Externalized Cost Results from the Seeking Consensus Project
- Jul 7, 2018 10:28 pm GMT
This article will add the externalized costs to internalized costs determined in the previous section of the Seeking Consensus project. To ensure that results accurately reflect current costs, solar and wind learning rates of 20% and 10% will be applied from the time when the internalized cost articles were published (about 3 years ago).
The individual externalized cost articles for different technologies can be accessed here: Oil, Coal, Gas, Nuclear, Hydro, Wind, Solar, Bioenergy, and Efficiency & Conservation. The externalized cost of storage (batteries, synfuels and pumped hydro or compressed air) was generally less than 5% of the internalized costs, so it will not be repeated here.
Results for the total cost of electricity are shown below (blue = internalized costs and red = externalized costs).
After externalized costs are added, efficiency becomes the clear winner with a cost of only $20/MWh due to the significant externalized benefit of avoided energy consumption. Hydro comes next with a total cost of $47/MWh. Unfortunately, both of these cheap options face obvious restrictions regarding the potential scale of future deployment.
Among the more scalable options, coal remains the cheapest (mainly because it is deployed almost exclusively in the developing world), followed by nuclear and gas. Wind and solar are close behind, with utility PV becoming cheaper than onshore wind on an overall cost basis. This is because the current low market share of PV imposes almost no externalized intermittency costs, while this cost is already significant for onshore wind. Other energy options remain too expensive for large-scale deployment.
Overall costs for heat from different energy sources are displayed below:
As before, the externalized benefit of efficiency makes it the cheapest option. Even though externalized costs more than double the cost of heat from coal, it comfortably remains the next cheapest option, followed by biomass, gas and oil. Next is solar thermal, followed by all the electricity production technologies.
The overall cost of producing fuel from the different energy sources is shown below.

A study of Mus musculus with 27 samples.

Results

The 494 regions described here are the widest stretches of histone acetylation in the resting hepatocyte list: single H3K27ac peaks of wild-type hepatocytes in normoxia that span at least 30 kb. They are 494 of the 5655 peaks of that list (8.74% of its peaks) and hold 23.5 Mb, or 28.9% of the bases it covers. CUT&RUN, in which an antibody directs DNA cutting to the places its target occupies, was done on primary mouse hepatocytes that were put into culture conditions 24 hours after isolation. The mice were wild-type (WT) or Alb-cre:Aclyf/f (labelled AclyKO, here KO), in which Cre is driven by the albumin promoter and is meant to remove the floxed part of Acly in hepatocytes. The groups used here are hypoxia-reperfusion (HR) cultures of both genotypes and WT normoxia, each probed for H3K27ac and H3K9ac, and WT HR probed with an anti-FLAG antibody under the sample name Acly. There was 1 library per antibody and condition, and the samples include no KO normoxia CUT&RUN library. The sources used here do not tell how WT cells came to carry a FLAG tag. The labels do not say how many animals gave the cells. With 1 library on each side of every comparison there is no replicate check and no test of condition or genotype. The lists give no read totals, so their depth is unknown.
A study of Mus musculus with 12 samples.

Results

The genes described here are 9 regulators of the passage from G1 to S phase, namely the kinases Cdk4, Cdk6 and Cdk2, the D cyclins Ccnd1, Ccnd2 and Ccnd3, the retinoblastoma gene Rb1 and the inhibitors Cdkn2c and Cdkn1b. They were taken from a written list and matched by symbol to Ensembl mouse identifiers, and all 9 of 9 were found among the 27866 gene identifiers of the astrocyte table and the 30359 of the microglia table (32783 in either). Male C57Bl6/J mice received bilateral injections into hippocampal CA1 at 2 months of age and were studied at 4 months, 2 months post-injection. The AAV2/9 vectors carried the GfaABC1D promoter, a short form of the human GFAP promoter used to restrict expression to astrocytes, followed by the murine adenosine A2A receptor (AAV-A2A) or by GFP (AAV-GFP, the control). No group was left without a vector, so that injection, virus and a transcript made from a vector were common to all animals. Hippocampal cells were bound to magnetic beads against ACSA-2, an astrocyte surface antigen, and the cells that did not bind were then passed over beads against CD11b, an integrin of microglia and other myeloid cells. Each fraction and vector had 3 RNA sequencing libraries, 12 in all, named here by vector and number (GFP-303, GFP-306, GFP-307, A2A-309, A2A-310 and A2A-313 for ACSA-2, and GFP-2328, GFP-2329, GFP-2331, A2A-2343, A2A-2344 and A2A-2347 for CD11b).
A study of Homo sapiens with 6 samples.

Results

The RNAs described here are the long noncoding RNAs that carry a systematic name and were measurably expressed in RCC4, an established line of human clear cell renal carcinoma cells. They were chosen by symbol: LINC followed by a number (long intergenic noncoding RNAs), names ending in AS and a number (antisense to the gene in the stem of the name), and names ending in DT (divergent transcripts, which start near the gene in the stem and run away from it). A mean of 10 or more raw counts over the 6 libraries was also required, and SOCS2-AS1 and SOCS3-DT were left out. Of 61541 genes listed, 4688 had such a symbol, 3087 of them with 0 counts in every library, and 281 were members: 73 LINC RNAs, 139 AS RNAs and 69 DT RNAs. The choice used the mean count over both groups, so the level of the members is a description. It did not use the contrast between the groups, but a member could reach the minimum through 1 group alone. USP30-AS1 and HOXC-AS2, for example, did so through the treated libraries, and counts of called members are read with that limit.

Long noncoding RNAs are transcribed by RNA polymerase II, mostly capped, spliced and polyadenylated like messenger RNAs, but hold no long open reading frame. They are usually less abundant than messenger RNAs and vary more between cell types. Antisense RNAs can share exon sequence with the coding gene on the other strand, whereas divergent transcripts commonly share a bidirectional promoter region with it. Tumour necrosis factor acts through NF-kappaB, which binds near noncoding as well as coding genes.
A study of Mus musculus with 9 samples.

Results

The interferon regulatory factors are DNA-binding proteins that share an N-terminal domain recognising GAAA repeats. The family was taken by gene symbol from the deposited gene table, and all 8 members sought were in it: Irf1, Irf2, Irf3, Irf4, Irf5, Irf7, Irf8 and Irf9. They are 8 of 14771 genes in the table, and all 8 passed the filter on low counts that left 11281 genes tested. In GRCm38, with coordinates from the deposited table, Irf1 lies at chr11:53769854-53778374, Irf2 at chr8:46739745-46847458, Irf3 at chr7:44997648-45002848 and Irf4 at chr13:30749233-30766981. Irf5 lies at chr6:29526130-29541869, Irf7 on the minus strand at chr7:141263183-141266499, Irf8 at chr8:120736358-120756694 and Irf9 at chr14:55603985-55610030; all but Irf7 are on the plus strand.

Once more, efficiency emerges as the cheapest option. Transportation may be the area where the most potential for further gains from efficiency exists, so this presents a good opportunity that should be exploited through intelligent policy. Unsurprisingly, oil is easily the cheapest of the supply side options. Biofuels remain twice as expensive as oil.
Energy conservation is here defined as follows: reductions in energy consumption achieved through behavioural choices that have a negligible or positive effect on the number of happy life years achieved. In other words, it involves dropping the excesses that our consumerist society tells us we need, but ultimately result in stress, excessive complexity and financial insecurity.
As shown below, conservation is in a totally different ballpark in terms of cost-effectiveness. Considering the amount of wasteful excess in our consumerist culture, it also has an impressively large scope for deployment.
Conservation can be promoted in two primary ways: 1) accurately internalizing the externalized costs of all forms of consumption, and 2) accelerating the ongoing shift in culture from one chasing happiness through consumption to one striving to make a meaningful contribution to society. Hopefully, we will manage to make significant progress here in the medium term future.
Feel free to point out any numbers that seem unrealistic and to suggest more accurate numbers (preferably with a linked source). If there is some consensus about a desired change, I will update the article accordingly.